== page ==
Newfield Pharmacy NHS Prescriptions

If you have a Valid NHS Prescription Your local Newfield (Dundnald) Ltd pharmacy will be more than happy to dispense your medictaion for you. We provide a fast and professional medicine dispensing service at all our pharmacies with the oportunity to
speak to your about pharmacist about any questions or concerns you have about the medication you are taking or have been prescribed in complete confindence.

If you have a Repeat Prescription for you regular medication we can also help you to manage your supply and make sure that you
don't run out of you vital medication. Please see our Repeat Prescriptions Service


What free prescriptions am I entitled to?

The Scottish Government abolished prescription charges on 1st April 2011. No charges will be payable in relation to any Scottish, Welsh or Northern Irish prescription forms that are presented to pharmacists in Scotland, Wales or Northern Ireland.

Charges continue to be payable in relation to English prescription forms which are presented to pharmacists in Scotland (unless the patient is exempt on other grounds).

Anyone who pays a prescription charge after 1 April 2011 but was entitled to be exempt, can claim a refund of the charge.

How long is a prescription valid for?

A prescription is valid for six months from the date given on the prescription, with the exception of prescriptions for controlled drugs (see Controlled drugs below).

The date on the prescription can be either:

  • the date the prescription is signed by the health professional who issues it, or
  • a date the health professional indicates the prescription should not be dispensed before.

Where a prescription has both of these dates, the six months runs from the later of the two dates.

Repeatable prescriptions

Repeatable prescriptions that contain directions that the same prescription may be dispensed more than once must be dispensed for the first time within six months of the date given on the prescription. After this, the repeat prescription can continue to be valid beyond six months in accordance with the directions on the prescription.

Controlled drugs

Controlled drugs are drugs such as morphine, pethidine and methadone. These medicines are often misused, so have stricter legal controls on their supply to prevent them being obtained illegally.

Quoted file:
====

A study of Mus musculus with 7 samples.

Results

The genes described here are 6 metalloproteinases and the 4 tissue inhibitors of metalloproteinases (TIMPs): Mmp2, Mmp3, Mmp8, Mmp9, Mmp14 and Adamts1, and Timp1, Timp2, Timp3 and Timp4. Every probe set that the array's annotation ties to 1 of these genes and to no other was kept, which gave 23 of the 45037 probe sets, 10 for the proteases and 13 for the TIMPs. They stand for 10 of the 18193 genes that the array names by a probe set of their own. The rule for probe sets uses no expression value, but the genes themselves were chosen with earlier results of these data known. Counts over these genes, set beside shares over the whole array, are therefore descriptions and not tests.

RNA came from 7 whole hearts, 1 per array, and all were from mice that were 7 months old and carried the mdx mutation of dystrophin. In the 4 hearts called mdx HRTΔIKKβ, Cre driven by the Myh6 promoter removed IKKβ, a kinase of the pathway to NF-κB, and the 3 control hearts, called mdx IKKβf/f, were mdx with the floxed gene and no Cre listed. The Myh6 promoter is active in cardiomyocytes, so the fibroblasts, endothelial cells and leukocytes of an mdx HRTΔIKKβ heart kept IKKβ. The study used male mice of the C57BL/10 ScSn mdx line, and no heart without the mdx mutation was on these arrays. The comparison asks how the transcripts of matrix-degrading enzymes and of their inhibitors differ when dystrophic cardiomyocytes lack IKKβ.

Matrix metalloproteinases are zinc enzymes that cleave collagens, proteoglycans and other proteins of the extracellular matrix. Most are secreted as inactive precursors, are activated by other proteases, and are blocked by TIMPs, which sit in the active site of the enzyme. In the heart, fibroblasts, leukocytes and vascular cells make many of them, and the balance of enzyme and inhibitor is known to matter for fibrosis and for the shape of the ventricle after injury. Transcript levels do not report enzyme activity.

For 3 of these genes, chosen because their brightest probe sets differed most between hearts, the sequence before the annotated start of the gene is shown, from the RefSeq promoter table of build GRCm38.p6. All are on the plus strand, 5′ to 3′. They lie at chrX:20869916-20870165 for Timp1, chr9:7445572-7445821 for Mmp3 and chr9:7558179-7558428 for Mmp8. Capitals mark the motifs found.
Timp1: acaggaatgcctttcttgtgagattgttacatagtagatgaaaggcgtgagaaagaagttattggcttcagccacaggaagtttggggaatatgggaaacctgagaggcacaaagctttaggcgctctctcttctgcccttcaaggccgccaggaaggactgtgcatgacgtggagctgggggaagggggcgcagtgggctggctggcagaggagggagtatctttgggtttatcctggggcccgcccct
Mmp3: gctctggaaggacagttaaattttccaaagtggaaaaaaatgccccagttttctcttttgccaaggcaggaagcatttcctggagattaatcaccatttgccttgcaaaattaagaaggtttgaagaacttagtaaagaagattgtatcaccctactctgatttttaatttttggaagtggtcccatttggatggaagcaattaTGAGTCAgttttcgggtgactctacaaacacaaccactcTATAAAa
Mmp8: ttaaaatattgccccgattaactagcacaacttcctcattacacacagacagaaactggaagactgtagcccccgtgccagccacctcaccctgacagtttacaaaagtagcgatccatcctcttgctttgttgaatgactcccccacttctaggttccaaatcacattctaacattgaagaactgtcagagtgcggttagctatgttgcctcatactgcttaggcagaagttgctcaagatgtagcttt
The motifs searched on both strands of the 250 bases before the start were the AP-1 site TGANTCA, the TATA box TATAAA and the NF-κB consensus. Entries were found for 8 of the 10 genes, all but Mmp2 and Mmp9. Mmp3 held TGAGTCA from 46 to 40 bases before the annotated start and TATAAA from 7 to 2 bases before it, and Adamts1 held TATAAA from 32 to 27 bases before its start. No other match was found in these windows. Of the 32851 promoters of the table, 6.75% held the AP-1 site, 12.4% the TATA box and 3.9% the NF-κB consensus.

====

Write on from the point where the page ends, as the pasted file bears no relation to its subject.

A prescription for a controlled drug is valid for 28 days from the date given on the prescription.

If you have a prescription for a controlled drug that directs that the drug should be dispensed to you in a number of instalments, the first instalment must be dispensed within 28 days of the date on the prescription.

Who can prescribe an NHS prescription (prescriber)

NHS prescriptions are most commonly written by your GP for you to take to your community pharmacist (chemist) to collect.

From 1 May 2006, qualified Nurse Independent Prescribers (formerly known as Extended Formulary Nurse Prescribers) are able to prescribe any licensed medicine for any medical condition within their competence, including some Controlled Drugs.

Doctors working in NHS hospitals also write NHS prescriptions. In most cases, you will be asked to take your prescription to the hospital pharmacy to pick up your medicine. Sometimes you will be asked to take your prescription to your local chemist - usually when the hospital pharmacy cannot supply your medicine.

An NHS dentist can also provide you with an NHS prescription if you need treatment for a dental or oral condition.

Pharmacists and some health professionals, such as physiotherapists, chiropodists and radiographers, can also prescribe medicines for NHS patients if they have followed another particular training course. (Supplementary prescribers - see below)

Supplementary prescribers are pharmacists, chiropodists/ podiatrists, physiotherapists and radiographers who have undergone specialist training. They may prescribe any NHS medicine provided it is in partnership with an independent prescriber who establishes the initial diagnosis and starts the treatment. The supplementary prescriber then monitors the patient and prescribes further supplies of medication when necessary.

Can I pick up a prescription for someone else?

Collecting a prescription from the GP surgery

You can collect a repeat prescription for a friend or relative from the GP surgery. You will usually be asked to confirm the name and address of the person you are collecting the prescription for. The GP surgery is not legally required to check your identity, but it is considered good practice to check to prevent the wrong prescription being given out to a patient.

Your local pharmacy may offer a prescription collection service, which means a pharmacist will collect your prescription from the GP surgery for you. They need to be able to confirm their identity and prove they are acting on your behalf and with your permission. Pharmacists, like GPs, have a responsibility to make sure all patients details are kept confidential.

Taking a prescription to the pharmacy

You can take a prescription to the pharmacy to collect someone elses medication for them. The pharmacist will check that you are acting on the patients behalf and have their permission. They will check the back of the FP10 form to make sure that it is signed and the appropriate category is ticked.

If you are collecting a controlled drug for someone else you are legally required to show the pharmacist proof of your identity. Controlled drugs include morphine, pethidine and methadone. These medicines are prone to being misused, so have stricter legal controls on their supply.